Movies From the Black Lagoon
The Unseen - 1981, Rated R
One of horror cinema's oldest plot devices (the monster in the basement) anchors this well produced effort that didn't get much screen time upon its initial release. What a shame, but the 80's were so preoccupied with franchise monsters (Jason, Freddy, etc.) that little gems like this often got short shifted.
The good news is that it's now available in a deluxe two disc set courtesy of the good folks at "Code Red" films, who have made it their mission to resurrect lost movies of the 70's and 80's.
It all begins benignly as we meet a trio of female journalists (who look more like Victoria's Secret models) named Jennifer, Karen, and Vicky. Their assignment is to cover a Danish heritage festival in Solvang, California (a real location that attracts tourists to this day). Their trip hits an immediate snag when the overbooked hotels in the region have no rooms to rent. They stumble upon an ancient hotel in a neighboring town but the proprietor (a garrulous fellow named Ernest) notes that he has converted the building into a museum and no longer lets out rooms.
Ernest is eager to help, however, and offers the ladies a room at the home he shares with his wife, Virginia. They hastily (make that way too hastily) agree and head out to Ernest's farmhouse where they meet the demure Virginia. These two are a real pair and seem to have missed out on the time-honored process of socialization. One talks too much, the other too little, and it's obvious that these folks have been socially isolated since childhood. Vicky opts to stay at the house while Karen and Jennifer head out to the fair - huge mistake.
While the others file their story Vicky hops in the tub where she is ogled, via the keyhole, by Ernest who has obviously never seen a model/reporter engage in the time honored tradition of good hygiene. Meanwhile, there are strange sounds emanating from the floor grate (this film does for floor grates what "Jaws" did for salt water activities) and poor Vicky soon discovers that something is lurking under the house. In town Jennifer runs into her estranged boyfriend and the pair opt to hash things out while Karen heads back to the house - huge mistake numero dos. Karen can't resist a bowl of fruit perched on a coffee table but sends it to the floor with an awkward grab. While retrieving grapes she finds herself prone over a grate and her scarf, dangling from her throat, proves to be all the bait the cellar dweller needs.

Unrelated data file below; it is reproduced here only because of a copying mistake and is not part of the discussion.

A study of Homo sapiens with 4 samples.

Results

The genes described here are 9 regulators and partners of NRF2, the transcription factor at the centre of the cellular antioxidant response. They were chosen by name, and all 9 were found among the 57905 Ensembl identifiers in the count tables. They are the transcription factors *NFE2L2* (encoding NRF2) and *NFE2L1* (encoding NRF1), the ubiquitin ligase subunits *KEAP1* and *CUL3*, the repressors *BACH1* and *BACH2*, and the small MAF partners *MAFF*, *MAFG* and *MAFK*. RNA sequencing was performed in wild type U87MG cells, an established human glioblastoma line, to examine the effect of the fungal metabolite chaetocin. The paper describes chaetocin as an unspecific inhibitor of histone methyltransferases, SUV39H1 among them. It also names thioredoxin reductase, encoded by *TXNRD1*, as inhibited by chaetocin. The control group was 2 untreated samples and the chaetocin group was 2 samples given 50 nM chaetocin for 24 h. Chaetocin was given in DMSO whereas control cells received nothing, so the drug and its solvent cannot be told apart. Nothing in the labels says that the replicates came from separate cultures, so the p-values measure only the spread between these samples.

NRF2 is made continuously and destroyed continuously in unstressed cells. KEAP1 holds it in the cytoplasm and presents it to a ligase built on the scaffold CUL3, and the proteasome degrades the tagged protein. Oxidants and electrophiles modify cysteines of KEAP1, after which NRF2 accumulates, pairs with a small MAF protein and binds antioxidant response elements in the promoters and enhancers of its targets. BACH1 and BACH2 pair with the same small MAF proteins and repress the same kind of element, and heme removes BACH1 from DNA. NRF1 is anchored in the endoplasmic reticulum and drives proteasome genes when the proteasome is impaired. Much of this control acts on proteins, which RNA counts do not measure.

Ernest comes home and flips out when he realizes that there will be no more peep shows in the guest bathroom. His solution to the problem turns out to be bad news for Jennifer who finds herself locked in the basement and face to face with the unseen. It's a great climax that finally sheds a light on what is down in the basement and where it comes from (Hint: Ernest and Virginia have had marital relations and wed although they are related). The finale features plenty of the red stuff and lots of tension as Ernest turns out to be the true villain here and every character teams up to finish him off.
This one's a corker and it offers up plenty of fine characterizations while never skimping on the tension. The actors are letter perfect with Sydney Lassick anchoring the film as Ernest. He's probably best remembered as the anxious Cheswick, in "One Flew Over the Cuckoo's Nest". Here he gets to play the lead, hitting one out of the park as the socially challenged and deeply damaged son of an abusive father. He's the bad guy for sure but Lassick makes it impossible to just write him off as a one-note villain. Stephen Furst (Flounder from "Animal House") also deserves credit for his final reel appearance as the creature in the basement. It's a touching performance and entirely credible despite the fact that he's not allowed to speak and must perform all of his scenes in a soiled diaper. This one doesn't try to reinvent the wheel but it does offer up plenty of tension and a solid scenario that holds up a tired premise and breathes new life into it.
Best Line: "If you continue to not listen to me I will become very cross with you."
Tom Doty occasionally emerges from the Lagoon to check his e-mail. If you'd like to get a message to him, write to: email@example.com.